The American Institute of CPAs has deepened its alliance with the U.S. Small Business Administration, meeting in Washington recently with agency officials to discuss plans for how CPAs can help and advise struggling small business owners.

"We signed this alliance on Nov. 1, 2007, just before tax season started rolling," said Jim Metzler (pictured), vice president of small firm interests at the AICPA. "It kicked into high gear after tax season."

The SBA will work with the AICPA in a variety of SBA programs, including Women's Business Centers and Small Business Development Centers, and with SBA Resource Partners, who are mainly retired executives who do volunteer work. CPAs already teach classes at many SBA regional centers. Under the terms of their agreement, the SBA and the AICPA will also provide speakers at each other's conferences and material for each other's publications.

Metzler noted that the SBA programs have improved in recent years, especially in the aftermath of Hurricane Katrina, when the SBA was on the receiving end of heavy criticism for its slow, bureaucratic processes. Steven Preston was appointed administrator of the SBA and he streamlined many procedures at the agency. More recently he has been appointed Secretary of Housing and Urban Development (see Bush Taps SBA Chief to Head HUD).

"The big thing was getting rid of that taint of the SBA," said AICPA senior technical manager Mark Koziel. "We felt we could do that fairly quickly. We developed a pocket guide, A Guide to the U.S. Small Business Administration, which accountants could carry. When they're working with a client, they can go into their pocket guide and see if the SBA has anything available to them." The AICPA also has devoted part of its Private Company Practice Section site to a resource center with information on SBA programs.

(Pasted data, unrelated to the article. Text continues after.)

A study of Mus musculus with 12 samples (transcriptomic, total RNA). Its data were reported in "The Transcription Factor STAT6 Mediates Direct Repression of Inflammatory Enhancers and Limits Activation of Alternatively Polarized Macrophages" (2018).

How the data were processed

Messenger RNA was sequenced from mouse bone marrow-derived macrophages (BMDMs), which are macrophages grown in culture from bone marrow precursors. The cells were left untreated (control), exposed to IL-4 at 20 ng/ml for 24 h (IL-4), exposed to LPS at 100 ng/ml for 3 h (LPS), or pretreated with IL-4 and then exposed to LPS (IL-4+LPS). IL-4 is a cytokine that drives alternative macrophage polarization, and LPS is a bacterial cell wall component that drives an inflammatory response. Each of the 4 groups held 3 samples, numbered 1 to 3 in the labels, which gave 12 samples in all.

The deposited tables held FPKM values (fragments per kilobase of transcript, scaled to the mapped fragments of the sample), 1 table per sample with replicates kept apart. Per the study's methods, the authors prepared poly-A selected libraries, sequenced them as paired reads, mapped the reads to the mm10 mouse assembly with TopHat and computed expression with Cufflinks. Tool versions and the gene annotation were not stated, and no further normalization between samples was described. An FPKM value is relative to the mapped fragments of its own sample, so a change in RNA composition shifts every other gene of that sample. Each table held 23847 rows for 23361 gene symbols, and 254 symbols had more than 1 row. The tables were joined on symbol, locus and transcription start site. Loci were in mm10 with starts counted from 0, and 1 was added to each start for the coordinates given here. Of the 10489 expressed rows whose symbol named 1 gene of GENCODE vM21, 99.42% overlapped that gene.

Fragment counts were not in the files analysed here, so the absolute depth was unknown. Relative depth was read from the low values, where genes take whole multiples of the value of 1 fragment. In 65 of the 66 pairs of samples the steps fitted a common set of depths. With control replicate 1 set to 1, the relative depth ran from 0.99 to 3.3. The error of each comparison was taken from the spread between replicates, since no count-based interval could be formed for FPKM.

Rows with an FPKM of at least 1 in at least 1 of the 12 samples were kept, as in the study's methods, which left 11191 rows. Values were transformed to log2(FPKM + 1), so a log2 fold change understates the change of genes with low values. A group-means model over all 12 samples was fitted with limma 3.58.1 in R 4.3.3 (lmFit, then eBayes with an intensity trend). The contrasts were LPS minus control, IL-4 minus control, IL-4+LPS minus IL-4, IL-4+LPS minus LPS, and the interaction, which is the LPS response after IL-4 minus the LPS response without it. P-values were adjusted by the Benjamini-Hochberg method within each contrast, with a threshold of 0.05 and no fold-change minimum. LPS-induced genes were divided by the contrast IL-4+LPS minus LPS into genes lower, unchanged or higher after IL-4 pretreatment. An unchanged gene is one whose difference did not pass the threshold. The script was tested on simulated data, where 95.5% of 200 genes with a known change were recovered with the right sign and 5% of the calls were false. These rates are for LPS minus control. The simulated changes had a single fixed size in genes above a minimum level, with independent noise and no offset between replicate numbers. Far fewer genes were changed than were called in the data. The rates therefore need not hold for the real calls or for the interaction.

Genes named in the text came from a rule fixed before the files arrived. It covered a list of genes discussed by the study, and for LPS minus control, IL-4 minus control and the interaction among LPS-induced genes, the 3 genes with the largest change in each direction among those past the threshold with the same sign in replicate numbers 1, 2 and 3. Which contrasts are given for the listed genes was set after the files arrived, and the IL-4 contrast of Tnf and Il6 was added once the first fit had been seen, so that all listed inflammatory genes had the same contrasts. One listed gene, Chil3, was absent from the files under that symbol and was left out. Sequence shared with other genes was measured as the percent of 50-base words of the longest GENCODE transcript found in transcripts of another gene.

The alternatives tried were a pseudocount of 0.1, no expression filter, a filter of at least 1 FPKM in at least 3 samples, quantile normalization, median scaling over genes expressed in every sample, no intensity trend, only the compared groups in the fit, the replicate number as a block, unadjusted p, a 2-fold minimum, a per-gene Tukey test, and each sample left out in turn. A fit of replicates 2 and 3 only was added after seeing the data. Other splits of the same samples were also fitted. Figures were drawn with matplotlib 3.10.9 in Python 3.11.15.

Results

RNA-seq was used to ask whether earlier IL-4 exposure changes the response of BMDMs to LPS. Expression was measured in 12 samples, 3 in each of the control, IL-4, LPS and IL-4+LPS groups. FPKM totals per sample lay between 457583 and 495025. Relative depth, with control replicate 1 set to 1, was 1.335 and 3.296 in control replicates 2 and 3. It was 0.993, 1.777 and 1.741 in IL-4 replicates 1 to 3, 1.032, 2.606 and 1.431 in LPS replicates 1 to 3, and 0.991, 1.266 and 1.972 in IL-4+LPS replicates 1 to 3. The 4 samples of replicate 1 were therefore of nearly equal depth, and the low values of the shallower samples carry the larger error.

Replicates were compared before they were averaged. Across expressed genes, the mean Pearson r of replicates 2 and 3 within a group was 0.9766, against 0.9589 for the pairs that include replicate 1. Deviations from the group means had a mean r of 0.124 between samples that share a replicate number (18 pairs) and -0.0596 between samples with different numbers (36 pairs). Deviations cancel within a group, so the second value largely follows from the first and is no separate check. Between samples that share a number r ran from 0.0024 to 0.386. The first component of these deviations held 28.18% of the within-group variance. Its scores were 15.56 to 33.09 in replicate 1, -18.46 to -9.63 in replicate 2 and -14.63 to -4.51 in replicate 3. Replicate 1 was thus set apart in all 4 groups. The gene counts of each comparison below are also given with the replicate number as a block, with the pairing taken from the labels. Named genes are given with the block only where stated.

One of the most important resources will be the availability of SBA-guaranteed loans, particularly in today's economic climate when many banks are cutting back on lending even to their regular, credit-worthy customers who simply need extra money to finance a business expansion.

"We need to change the public perception of what an SBA loan is, that it's a lot of paperwork," said AICPA PCPS project manager Natasha Schamberger. "They have a few loans where they've been able to streamline the process. With economic conditions being what they are, an SBA loan might be a really good alternative."